The word “nagekomi” is a compound of the Japanese verb to throw “nageru” and “komu” which has a slew of meanings that imply doing something completely, intently, thoroughly and continuously–which pretty much captures the spirit of spring training in Japan.
Allen Kuri of the Hiroshima Carp on Thursday threw a 347-pitch bullpen, which the press quickly labeled a team record, breaking a 343-pitch effort of Hiroki Kuroda’s in 2002. I didn’t see that one, but did watch Kuroda throw about 320 in 2005, when Wayne Graczyk drove me down to Nichinan.
Although the highlights of that day were hearing Wayne’s story about how he got to Japan and enjoying the view of the beautiful Miyazaki coastline, Kuroda’s bullpen was something to see. After he’d gotten past 250 pitches, Carp manager Koji Yamamoto stood in the batter’s box and egged his ace on, trying to get him to throw harder.
When I interviewed Kuroda a couple of years later, he said it was his habit to throw one really long bullpen every spring. As bad as the optics are, a lot of pitchers have a history of throwing marathon bullpens while having long healthy careers. Every pitcher’s body is built differently and how players approach long bullpens and their physical condition at the time are likely all factors that are beyond my ability to measure, that’s why Will Carrol @injuryexpert exists.
Kuri, who said he’d thrown 400-pitch bullpens during his time at Asia University, suggesting he’d been mapping out a plan for a “nagekomi” according to Kyodo News (Japanese) recorded Kuri’s comments.
“I’m glad I was able to do a good job of it,” Kuri said. “I had this image in mind of the number of pitches thrown in camp by manager (Shinji) Sasaoka and Kuroda-san, who were both complete-game starting pitchers.”
“The only way to be able to pitch with strength even when fatigued is if you build up muscle memory from throwing a good number of pitches.”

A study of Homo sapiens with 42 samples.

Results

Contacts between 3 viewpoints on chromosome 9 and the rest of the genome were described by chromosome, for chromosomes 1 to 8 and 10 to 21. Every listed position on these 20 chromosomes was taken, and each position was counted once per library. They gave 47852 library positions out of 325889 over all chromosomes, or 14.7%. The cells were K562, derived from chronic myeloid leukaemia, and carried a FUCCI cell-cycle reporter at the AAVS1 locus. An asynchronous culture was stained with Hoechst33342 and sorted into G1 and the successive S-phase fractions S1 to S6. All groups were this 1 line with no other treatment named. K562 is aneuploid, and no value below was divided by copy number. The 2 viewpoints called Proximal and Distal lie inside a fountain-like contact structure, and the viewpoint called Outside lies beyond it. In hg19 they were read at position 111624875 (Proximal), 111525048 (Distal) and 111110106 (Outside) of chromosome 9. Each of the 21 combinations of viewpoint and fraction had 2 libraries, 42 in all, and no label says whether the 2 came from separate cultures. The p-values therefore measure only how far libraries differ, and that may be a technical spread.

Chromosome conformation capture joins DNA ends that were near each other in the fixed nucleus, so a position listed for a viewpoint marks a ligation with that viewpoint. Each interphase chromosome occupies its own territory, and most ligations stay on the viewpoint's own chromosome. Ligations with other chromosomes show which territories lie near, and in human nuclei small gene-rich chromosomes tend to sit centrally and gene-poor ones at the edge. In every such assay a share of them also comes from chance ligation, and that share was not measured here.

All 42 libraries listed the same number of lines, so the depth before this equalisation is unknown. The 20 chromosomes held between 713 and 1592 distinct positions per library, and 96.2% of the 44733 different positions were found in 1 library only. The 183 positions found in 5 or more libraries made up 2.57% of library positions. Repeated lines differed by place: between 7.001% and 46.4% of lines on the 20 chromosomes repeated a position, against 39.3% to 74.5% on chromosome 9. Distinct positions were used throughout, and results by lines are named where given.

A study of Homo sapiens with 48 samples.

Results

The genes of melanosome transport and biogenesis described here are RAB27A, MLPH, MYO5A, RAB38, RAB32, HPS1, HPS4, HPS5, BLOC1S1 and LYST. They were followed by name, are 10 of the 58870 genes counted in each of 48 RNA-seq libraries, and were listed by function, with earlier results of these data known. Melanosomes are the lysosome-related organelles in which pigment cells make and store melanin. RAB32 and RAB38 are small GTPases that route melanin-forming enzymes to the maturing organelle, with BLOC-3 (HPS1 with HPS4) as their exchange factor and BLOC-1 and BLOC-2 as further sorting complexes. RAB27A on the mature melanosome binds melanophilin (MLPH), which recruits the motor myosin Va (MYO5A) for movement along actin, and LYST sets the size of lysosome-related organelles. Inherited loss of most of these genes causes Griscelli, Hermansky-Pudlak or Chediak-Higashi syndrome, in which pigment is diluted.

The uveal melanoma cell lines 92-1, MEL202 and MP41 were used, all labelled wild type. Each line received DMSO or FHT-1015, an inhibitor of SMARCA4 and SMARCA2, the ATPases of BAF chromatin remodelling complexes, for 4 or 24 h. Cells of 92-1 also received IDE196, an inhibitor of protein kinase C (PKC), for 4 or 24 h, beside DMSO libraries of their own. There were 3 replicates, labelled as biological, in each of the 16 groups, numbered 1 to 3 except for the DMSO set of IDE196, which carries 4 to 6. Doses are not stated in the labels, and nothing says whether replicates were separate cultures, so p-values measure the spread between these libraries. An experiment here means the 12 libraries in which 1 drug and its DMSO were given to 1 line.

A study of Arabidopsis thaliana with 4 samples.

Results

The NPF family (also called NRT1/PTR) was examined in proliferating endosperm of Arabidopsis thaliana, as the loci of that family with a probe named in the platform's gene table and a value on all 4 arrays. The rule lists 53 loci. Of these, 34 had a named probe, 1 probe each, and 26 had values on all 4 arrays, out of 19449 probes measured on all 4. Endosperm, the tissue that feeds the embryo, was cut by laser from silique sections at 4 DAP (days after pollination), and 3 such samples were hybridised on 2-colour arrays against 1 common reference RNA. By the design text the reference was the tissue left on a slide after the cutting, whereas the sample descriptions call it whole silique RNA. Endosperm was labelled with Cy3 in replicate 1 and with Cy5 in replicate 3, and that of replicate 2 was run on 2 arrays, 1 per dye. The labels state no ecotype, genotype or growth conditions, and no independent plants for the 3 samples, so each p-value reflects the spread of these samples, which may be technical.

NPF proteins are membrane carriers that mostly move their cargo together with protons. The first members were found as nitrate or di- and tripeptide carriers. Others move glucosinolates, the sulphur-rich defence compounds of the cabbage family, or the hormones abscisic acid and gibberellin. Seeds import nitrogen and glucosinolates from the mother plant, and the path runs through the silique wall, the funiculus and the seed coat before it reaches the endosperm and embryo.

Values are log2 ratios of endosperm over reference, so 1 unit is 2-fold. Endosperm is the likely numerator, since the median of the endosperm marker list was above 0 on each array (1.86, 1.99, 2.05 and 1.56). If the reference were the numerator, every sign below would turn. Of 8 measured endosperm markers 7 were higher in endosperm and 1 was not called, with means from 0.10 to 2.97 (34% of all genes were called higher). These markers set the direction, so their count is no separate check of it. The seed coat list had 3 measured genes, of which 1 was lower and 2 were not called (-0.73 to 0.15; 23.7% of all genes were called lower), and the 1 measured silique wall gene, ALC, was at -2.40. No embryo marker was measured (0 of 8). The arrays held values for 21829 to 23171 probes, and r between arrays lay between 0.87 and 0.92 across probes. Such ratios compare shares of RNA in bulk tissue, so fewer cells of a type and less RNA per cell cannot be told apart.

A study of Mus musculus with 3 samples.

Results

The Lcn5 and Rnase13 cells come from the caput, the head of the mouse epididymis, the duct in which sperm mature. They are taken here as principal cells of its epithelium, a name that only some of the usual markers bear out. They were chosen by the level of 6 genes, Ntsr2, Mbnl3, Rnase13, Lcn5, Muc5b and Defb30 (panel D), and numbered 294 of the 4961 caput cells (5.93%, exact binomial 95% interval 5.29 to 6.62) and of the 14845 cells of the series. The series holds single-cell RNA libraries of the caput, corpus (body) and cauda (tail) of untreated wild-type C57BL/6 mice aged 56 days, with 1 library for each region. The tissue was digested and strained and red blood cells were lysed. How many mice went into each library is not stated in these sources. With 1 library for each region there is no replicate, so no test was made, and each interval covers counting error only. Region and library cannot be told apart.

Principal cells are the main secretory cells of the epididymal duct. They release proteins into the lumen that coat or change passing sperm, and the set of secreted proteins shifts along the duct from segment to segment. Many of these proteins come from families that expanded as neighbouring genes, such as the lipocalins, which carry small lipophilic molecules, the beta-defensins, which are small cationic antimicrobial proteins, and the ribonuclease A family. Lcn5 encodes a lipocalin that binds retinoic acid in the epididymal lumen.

That’s the kind of typical explanation one hears about those bullpens from the old guys, although Sasaoka said Kuri was doing so armed with a more critical approach than he had in his pitching days.
“He wasn’t just throwing. He was thinking while throwing,” Sasaoka told reporters in a Q and A published by Daily Sports. “From his first pitch to his 347th, that was a superb bullpen.”
“It wasn’t just a normal nagekomi. He was thinking and solidifying his mechanics.”
“It’s different from the way guys like me used to think about it. It’s essential to do it the way he went about it. The way I did it and Kuroda did it that may have been old school. But I want to praise people for thinking of different ways to achieve their goals. I don’t think it was harmful.”
Times are changing, but Japan has a long tradition of finding new ways of defending spartan old-school practices, even when the explanations completely defy logic, and reporters who print coaches’ views as knowledge rather than opinions do so at their own risk.
One lackey who wrote for the Nikkan Sports in 2010 was fed a bunch of crap by the Lotte Marines to explain the team’s success the year after they dumped Bobby Valentine, and the reporter printed the nonsense.
He claimed the secret to the Marines’ rebound was pitching — when in fact the pitching and defense was demonstrably worse than under Valentine. Supposedly the key to the pitching “turn-around” was marathon bullpen sessions in camp–which Valentine supposedly banned when he hadn’t. To make matters worse, the pitcher his article cited as being the spring standout after throwing 1,000 pitches in camp, missed most of the season with arm trouble.
Sasaoka may be 100 percent correct, or he may be full of shit. There’s no way of knowing from reading about it in the paper. Kuri’s a great guy, and I’m looking forward to a chance to hear him talk about his planning and thinking this out.
Matsunaka and NabeQ
It’s five days into spring training and so far about the only news is who’s showing up to camp when and who is going to the bullpen and how often.
Before getting into the more routine stuff, I think it’s worth mentioning that Lotte spring coach Nobuhiko Matsunaka felt it was necessary to demonstrate points during BP by stepping in and taking some swings, during which three drives cleared the outfield fence.
This brought to mind one of my favorite Hisanobu Watanabe stories, when he went to Taiwan to coach in 1999 after he finished his NPB career with one season for the Yakult Swallows. Watanabe couldn’t speak Mandarin, so he did a lot of demonstrations. It didn’t take long for his fellow coaches to realize the 33-year-old coach threw harder than any of the pitchers in camp and signed him to a players contract.
Watanabe led the fledgling Taiwan Major League in wins, strikeouts and ERA that season and added three more years to his pro career. Of course, Matsunaka is now 47, and hasn’t been a regular for 12 years, so there’s zero chance anyone’s going to give him a contract, but he admitted it was fun while it lasted.
Last and least
I’m not certain why PL TV’s videos are focused on the Lions’ training camp. It’s certainly not because it’s all that interesting, although the second “gem” of the week from Nango is their No. 7 ball boy, who earned an instant replay while shagging flies during BP.
The good news is that it reminds us that spring training is not ONLY about pain and suffering in the name of playing a game.